PLAINFIELD, NJ — Plainfield’s Zoning Board Of Adjustment unanimously agreed Wednesday to deny conversion of a Central Avenue mansion to veterans’ housing in the Van Wyck Brooks Historic District.

Opponents and supporters have followed the case through six prior ZBA hearings, and others before the Historic Preservation Commission. Yates House for Military Veterans Attorney Steven Rother gave out a six-page summary to the board Wednesday, arguing that the board had to comply with “several federal civil rights statutes” so homeless vets with PTSD could live in a “residential neighborhood of their choice.” ZBA Chairman D. Scott Belin had board attorney Peter Vignuolo read the document into the record.

In public comments before the vote, speakers professed sympathy for veterans in need, but said the conversion would make a parking problem worse, exceed neighborhood density, damage the historic district and add to a glut of social service facilities in the city. City activist Nancy Piwowar presented research noting the proposed funding source, HUD-VASH, only supported 5,211 facilities nationwide and gave only 62 vouchers statewide, making it unlikely 25 units here would be funded.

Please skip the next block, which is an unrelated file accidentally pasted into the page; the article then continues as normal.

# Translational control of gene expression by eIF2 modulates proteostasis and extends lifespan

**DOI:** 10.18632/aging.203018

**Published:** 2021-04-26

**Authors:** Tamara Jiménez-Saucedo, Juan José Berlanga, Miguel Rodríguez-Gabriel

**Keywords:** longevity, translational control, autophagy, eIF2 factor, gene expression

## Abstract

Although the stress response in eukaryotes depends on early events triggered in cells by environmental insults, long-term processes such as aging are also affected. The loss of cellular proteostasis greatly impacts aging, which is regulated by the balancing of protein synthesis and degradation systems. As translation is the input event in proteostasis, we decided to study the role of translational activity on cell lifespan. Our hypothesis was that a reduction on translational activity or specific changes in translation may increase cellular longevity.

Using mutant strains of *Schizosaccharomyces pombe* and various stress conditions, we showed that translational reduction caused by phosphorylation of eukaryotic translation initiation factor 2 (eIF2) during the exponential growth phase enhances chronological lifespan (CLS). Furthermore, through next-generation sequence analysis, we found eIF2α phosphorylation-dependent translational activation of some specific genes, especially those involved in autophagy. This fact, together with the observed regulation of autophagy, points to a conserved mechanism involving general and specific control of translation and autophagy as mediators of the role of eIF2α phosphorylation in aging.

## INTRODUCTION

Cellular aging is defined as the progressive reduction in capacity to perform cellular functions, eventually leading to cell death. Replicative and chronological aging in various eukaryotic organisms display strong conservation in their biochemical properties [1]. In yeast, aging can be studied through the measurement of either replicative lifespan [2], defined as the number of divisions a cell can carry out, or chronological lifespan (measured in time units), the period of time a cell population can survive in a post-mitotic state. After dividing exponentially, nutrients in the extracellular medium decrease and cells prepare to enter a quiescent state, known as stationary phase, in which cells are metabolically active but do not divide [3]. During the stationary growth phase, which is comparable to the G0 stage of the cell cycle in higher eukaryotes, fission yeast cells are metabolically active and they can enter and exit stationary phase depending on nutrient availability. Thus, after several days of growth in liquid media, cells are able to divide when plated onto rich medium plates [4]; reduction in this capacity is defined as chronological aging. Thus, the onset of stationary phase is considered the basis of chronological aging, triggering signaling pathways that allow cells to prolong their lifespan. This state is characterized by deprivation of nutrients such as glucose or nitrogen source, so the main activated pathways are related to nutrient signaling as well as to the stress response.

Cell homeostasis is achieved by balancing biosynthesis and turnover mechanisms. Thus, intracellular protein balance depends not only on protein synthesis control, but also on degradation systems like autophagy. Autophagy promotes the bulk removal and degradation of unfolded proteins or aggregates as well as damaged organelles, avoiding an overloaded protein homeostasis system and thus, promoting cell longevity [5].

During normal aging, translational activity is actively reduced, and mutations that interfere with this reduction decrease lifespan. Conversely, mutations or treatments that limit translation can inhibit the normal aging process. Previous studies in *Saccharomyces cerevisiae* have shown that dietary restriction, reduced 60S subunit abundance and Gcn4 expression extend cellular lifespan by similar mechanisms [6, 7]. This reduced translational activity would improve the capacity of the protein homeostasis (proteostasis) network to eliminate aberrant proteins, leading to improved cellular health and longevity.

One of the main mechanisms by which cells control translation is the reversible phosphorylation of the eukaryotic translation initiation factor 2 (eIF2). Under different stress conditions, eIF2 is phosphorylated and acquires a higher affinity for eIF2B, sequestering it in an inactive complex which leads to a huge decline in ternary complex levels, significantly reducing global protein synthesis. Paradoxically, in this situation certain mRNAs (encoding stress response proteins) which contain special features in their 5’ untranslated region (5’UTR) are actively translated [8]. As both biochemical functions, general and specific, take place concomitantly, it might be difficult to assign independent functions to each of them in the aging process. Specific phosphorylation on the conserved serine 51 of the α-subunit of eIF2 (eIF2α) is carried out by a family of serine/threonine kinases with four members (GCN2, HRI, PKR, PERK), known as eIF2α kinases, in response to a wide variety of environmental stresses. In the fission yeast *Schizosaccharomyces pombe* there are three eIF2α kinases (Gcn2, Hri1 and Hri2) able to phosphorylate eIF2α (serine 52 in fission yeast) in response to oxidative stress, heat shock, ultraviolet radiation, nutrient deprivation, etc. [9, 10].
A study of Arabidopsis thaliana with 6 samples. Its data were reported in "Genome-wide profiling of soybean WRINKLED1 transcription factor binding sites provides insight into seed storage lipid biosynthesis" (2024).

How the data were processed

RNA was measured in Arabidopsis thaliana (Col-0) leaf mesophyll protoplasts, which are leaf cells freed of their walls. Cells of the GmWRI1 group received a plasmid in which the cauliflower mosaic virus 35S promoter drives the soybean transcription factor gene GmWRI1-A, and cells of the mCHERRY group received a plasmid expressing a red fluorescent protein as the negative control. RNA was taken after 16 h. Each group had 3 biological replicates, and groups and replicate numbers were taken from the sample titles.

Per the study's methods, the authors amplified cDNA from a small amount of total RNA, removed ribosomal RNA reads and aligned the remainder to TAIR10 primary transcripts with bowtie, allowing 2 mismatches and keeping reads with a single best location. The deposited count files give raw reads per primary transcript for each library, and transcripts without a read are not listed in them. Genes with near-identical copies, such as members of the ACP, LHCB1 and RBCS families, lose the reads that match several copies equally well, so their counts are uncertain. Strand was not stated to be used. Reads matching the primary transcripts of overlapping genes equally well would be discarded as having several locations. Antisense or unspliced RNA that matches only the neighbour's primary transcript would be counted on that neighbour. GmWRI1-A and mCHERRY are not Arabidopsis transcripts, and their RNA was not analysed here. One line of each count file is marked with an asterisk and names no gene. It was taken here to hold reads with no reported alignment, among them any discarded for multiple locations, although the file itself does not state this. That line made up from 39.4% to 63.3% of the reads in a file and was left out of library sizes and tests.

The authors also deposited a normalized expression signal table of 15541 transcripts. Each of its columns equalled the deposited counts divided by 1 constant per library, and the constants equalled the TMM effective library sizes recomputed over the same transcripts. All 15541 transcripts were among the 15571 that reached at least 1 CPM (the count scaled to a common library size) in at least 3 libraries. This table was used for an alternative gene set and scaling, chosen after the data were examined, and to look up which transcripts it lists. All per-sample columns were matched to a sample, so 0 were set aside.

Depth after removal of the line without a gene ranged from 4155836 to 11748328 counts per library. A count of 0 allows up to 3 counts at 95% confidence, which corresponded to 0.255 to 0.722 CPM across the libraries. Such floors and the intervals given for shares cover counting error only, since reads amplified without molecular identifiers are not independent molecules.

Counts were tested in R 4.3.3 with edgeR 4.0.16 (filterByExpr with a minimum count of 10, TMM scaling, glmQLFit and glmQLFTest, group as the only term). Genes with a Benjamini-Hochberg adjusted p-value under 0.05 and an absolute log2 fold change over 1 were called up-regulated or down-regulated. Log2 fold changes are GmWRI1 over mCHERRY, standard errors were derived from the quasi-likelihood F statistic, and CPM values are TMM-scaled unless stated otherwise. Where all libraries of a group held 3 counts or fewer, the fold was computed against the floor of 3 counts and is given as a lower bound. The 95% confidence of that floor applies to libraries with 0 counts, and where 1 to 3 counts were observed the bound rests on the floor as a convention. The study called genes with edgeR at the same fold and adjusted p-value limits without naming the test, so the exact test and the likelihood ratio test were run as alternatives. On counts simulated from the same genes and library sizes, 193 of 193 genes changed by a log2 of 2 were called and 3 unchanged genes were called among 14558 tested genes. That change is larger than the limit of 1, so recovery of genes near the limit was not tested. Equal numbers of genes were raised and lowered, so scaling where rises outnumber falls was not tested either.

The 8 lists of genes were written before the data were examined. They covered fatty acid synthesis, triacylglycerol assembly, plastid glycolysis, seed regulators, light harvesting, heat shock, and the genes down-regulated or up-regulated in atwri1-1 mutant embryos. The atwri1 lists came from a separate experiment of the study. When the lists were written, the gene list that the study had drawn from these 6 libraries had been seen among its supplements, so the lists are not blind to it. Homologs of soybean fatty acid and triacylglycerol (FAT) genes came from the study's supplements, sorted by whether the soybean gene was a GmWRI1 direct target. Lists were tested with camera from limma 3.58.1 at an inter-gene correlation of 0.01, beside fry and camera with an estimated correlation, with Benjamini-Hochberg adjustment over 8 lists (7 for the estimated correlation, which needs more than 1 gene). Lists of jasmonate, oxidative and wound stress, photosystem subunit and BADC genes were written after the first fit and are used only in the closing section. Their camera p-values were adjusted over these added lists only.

Belin said Rother had given the board quite a bit to digest, and asked whether he wanted to come back, but Rother said his client did not want another extension. He called Tuesday’s testimony “meaningless,” to which Belin replied that when the board weighs positives and negatives of an application, “All testimony is relevant.”

Belin polled the board and Mary Burgwinkle led off with a comprehensive statement covering many issues.

“I cannot support the application,” she said.

One by one, others gave their own reasons and Belin reminded them, “Let’s be very clear – we are weighing the application on facts, not emotions,” before the board unanimously denied the application.